The Nature of Consciousness

Piero Scaruffi

(Copyright © 2013 Piero Scaruffi | Legal restrictions )

Second Thoughts

There is at least one more requirement for “plausible” reasoning. Classical logic is “monotonic”: assertions cannot be retracted without compromising the entire system of beliefs. Once something has been proven to be true, it will be true forever. Classical Logic was not designed to deal with "news". But our daily lives are full of events that force us to reexamine our beliefs all the time: our daily system of logic is “non-monotonic”.  Therefore, a crucial tool for plausible reasoning is non-monotonic logic, which allows inferences to be made provisionally and, if necessary, withdrawn at any time. A handful of such logics became popular during the 1980s.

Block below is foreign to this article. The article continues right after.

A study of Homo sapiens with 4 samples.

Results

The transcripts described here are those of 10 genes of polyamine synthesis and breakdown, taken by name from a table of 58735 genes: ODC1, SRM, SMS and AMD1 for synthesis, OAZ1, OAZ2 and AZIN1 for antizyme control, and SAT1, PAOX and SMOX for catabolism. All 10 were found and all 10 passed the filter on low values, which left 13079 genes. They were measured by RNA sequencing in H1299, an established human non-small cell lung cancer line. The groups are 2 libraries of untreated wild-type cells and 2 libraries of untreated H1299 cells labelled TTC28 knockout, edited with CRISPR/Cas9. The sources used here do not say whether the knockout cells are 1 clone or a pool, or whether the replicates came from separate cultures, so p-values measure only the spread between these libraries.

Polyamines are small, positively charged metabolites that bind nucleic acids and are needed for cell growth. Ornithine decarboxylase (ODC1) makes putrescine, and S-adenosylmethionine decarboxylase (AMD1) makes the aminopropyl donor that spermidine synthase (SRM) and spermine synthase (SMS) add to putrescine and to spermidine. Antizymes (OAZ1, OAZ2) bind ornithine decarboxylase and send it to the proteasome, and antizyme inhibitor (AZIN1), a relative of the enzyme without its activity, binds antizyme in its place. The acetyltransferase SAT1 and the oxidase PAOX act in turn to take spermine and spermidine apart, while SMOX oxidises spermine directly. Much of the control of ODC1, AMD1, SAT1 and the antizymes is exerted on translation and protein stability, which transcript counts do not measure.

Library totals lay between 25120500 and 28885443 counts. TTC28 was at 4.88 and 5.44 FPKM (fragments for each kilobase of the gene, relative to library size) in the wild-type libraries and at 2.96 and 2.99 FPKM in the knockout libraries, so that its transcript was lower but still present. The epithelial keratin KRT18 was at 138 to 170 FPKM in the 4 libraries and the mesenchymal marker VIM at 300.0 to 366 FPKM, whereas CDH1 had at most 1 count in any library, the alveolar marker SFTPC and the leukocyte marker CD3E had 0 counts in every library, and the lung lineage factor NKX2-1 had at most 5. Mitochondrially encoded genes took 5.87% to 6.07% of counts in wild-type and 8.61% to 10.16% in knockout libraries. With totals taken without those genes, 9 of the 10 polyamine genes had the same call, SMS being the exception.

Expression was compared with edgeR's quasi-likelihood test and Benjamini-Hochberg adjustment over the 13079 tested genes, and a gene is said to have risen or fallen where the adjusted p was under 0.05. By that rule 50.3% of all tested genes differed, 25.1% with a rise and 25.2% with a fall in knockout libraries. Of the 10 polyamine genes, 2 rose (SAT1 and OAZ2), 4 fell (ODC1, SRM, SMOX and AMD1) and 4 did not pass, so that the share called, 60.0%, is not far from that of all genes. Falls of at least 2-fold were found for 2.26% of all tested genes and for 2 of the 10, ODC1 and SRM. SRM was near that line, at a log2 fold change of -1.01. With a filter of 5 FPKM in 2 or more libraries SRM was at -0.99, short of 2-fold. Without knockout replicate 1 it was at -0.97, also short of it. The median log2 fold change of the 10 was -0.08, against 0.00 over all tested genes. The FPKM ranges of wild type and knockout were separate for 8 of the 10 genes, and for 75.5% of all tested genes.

Drew McDermott's formulation of Modal Logic is based on a coherence operator: "P is coherent with what is known" if P cannot be proven false by what is known (“Nonmonotonic Logic”, 1980). 

Robert Moore's "Autoepistemic Logic" (“Semantic Considerations On Nonmonotonic Logic”, 1983) is based on the notion of belief (related to McDermott's coherence) and models the beliefs of an agent reflecting upon his own beliefs.

And so forth.

Matthew Ginsberg classified formal approaches to nonmonotonic inference into: proof-based approaches (Reiter's logic), modal approaches (McDermott's logic, Moore's logic) and minimization approaches (circumscription).  Ginsberg argued that a variety of approaches to nonmonotonic reasoning can be unified by resorting to multi-valued logics (logics that deal with more than just true and false statements).